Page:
As India seeks a leadership role in mitigating the global climate crisis, the renewable energy sector is eagerly looking forward to the 2023 Union Budget.
Government support for domestic manufacturing through Production Linked Incentive (PLI) schemes, strengthening the "green hydrogen" policy and enabling greater funding are in the Wishlist of this upcoming sector.
India holding the presidency of G20, where it is expected to pitch for a "Green Development Pact", has also brightened the prospects of a 'greener' Budget this year.
"India's G20 presidency seems to have prioritised the climate agenda. The exceptional performance of its first Sovereign Green Bond this week endorses its intent," says Namita Vikas, Founder and Managing Director, auctusESG LLP, a global advisory company.
Sovereign green bonds are a step towards financing climate action and were announced in the 2022 Budget, in order to achieve net carbon neutrality target by 2070. In a recent auction, sovereign green bonds raised ₹8,000 crore.
"Introducing an institutional mechanism that provides green risk capital and hedging instruments using public capital would help attract private sector capital and achieve the scale in green or climate finance that we need," says Ms Vikas.
The Indian government has been pushing for 'aatmanirbharta' (self-sufficiency) in manufacturing of renewable energy equipment. One example of it is the ₹19,000 crore Production Linked Incentive (PLI) scheme for the production of solar modules announced in the 2022 Budget. Solar modules collect sunlight and convert it into electricity.
According to one report, India's push to indigenise solar manufacturing will require $7.2 billion (over ₹53,000 crore) in expenditure and can create over 41,000 jobs.
"We will welcome measures around increased PLI for solar, which will boost India's solar panel manufacturing capacities," says Anjali Bansal, Founder, Avaana Capital, adding that she also expects subsidies and other measures to promote distributed rooftop solar - a form of power generation - in the upcoming budget.
Despite significant focus on the renewable energy sector - including the launch of green bonds - in the last few years, more needs to be done to bridge the huge funding gap. According to the government, India will need at least $250 billion in funds for the renewable energy sector between 2023 and 2030.
Nisheeth Srivastava, mentor at Terra.do, a climate skilling platform, argues that the Budget must announce a rise in the limit for priority sector lending for renewable energy projects.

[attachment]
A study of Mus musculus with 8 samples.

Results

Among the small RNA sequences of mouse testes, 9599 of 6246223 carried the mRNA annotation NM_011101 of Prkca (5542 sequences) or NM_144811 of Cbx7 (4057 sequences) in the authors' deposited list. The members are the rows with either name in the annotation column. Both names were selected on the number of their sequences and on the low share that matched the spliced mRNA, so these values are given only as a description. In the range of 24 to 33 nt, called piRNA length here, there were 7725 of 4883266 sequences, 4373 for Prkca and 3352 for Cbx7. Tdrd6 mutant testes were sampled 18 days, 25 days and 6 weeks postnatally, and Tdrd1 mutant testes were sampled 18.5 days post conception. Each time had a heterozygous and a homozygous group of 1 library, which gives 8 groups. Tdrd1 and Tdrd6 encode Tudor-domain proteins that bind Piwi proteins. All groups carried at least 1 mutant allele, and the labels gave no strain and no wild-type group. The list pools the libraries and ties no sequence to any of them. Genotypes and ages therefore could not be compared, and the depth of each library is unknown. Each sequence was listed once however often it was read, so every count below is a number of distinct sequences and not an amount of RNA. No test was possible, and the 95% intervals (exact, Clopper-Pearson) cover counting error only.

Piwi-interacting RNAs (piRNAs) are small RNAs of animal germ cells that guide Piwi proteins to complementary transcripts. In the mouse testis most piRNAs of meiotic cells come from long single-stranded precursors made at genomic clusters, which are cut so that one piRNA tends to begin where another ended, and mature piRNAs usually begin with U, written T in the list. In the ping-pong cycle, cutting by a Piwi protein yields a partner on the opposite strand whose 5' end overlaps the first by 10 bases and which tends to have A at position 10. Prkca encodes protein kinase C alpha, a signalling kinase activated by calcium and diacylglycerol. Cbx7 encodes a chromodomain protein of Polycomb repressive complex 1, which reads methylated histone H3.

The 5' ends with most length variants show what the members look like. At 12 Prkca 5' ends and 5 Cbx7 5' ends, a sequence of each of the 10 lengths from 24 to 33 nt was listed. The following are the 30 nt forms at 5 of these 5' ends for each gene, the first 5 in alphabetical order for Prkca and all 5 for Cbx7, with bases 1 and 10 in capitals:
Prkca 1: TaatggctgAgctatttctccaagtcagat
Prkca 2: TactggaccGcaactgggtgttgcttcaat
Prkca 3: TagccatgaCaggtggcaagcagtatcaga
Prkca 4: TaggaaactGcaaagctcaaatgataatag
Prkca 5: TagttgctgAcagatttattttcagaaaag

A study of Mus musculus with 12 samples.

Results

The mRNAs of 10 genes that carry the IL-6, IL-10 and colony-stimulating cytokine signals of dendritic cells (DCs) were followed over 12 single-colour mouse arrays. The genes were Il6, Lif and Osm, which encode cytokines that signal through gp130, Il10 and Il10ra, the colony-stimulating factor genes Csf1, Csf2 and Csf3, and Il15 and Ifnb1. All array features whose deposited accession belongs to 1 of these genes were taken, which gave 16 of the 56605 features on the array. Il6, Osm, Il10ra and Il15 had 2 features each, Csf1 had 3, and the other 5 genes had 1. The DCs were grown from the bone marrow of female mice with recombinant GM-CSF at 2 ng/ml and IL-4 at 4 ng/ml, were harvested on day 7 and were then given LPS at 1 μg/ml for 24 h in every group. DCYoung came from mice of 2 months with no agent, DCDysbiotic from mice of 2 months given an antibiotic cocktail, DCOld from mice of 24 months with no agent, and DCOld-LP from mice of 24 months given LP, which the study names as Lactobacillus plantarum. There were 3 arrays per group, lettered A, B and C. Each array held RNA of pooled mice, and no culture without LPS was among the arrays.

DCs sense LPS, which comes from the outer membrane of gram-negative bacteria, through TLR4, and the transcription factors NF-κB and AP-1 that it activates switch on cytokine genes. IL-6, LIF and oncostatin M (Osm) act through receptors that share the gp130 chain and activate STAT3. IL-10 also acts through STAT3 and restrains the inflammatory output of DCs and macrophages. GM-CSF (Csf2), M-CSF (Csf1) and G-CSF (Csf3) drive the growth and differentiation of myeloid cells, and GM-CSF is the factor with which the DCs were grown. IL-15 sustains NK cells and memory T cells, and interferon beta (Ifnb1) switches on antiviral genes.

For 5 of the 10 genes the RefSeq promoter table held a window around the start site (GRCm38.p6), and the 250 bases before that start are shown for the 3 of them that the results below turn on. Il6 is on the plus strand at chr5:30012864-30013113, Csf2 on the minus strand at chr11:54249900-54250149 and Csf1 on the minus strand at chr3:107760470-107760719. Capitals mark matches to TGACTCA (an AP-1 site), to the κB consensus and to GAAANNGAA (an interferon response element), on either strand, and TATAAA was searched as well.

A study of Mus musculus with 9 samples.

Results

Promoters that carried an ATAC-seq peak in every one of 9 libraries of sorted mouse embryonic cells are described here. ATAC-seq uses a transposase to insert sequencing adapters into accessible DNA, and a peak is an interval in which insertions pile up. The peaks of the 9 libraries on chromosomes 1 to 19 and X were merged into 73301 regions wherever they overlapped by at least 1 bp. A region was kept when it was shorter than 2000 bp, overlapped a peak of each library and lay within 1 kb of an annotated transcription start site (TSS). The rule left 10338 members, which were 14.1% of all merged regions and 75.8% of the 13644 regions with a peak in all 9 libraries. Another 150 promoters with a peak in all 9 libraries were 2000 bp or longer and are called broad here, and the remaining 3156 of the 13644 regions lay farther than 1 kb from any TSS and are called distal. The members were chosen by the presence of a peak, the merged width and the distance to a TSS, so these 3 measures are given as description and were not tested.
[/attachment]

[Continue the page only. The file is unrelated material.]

"While there is a focus on PLIs to boost domestic production, the sector also needs Viability Gap Funding (VGF) to attract industry players, which can further help the sector to innovate and achieve economies of scale. This will help projects achieve cost viability," adds Mr Srivastava.
Viability Gap Funding (VGF) is a scheme designed to provide capital support to Public Private Partnership projects which would not otherwise be financially viable.
One particular area of interest for industry watchers will be the green hydrogen policy, which was recently approved by the Modi Cabinet with an initial outlay of ₹19,744 crore. The "National Green Hydrogen Mission" aims to make India an international hub for production, utilisation and export of Green Hydrogen and its derivatives.
Green hydrogen is a clean energy which does not emit pollutants and is increasingly being used to decarbonise pollution-heavy sectors of the economy.
"The Union Budget must present a clear roadmap to facilitate demand-and supply-side factors, a financial carve-out for accelerating green hydrogen production, and enable the creation of storage and transport infrastructure," says Ms Vikas.
Mr Srivastava and Ms Bansal add that the Union Budget needs to focus on a PLI to support the production of electrolysers, which help generate green hydrogen.
While there is a much-needed focus on "decarbonising" polluting industries, such a move is also likely to have a negative impact on employment generation. According to a McKinsey report, accelerated "decarbonising" could lead to the loss of six million jobs by 2050. However, the report adds that the impact will be bigger on sectors such as coal mining and enterprises associated with it.
Mr Srivastava stresses on the need for the government to finance the upskilling of workers who may lose their jobs as India moves towards cleaner energy. "There is a need to have investments in institutions to enable skill development for all sorts of stakeholders, especially unskilled and semi-skilled workers," he says.
With India leading the G20 Summit this year, Ms Bansal argues that the government must take the lead and announce measures that encompass adaptation and resilience, not just climate mitigation and emissions reduction. "We hope to see global collaborations in areas such as energy access, alternative fuels, climate-resilience in agriculture, circular economy," she says.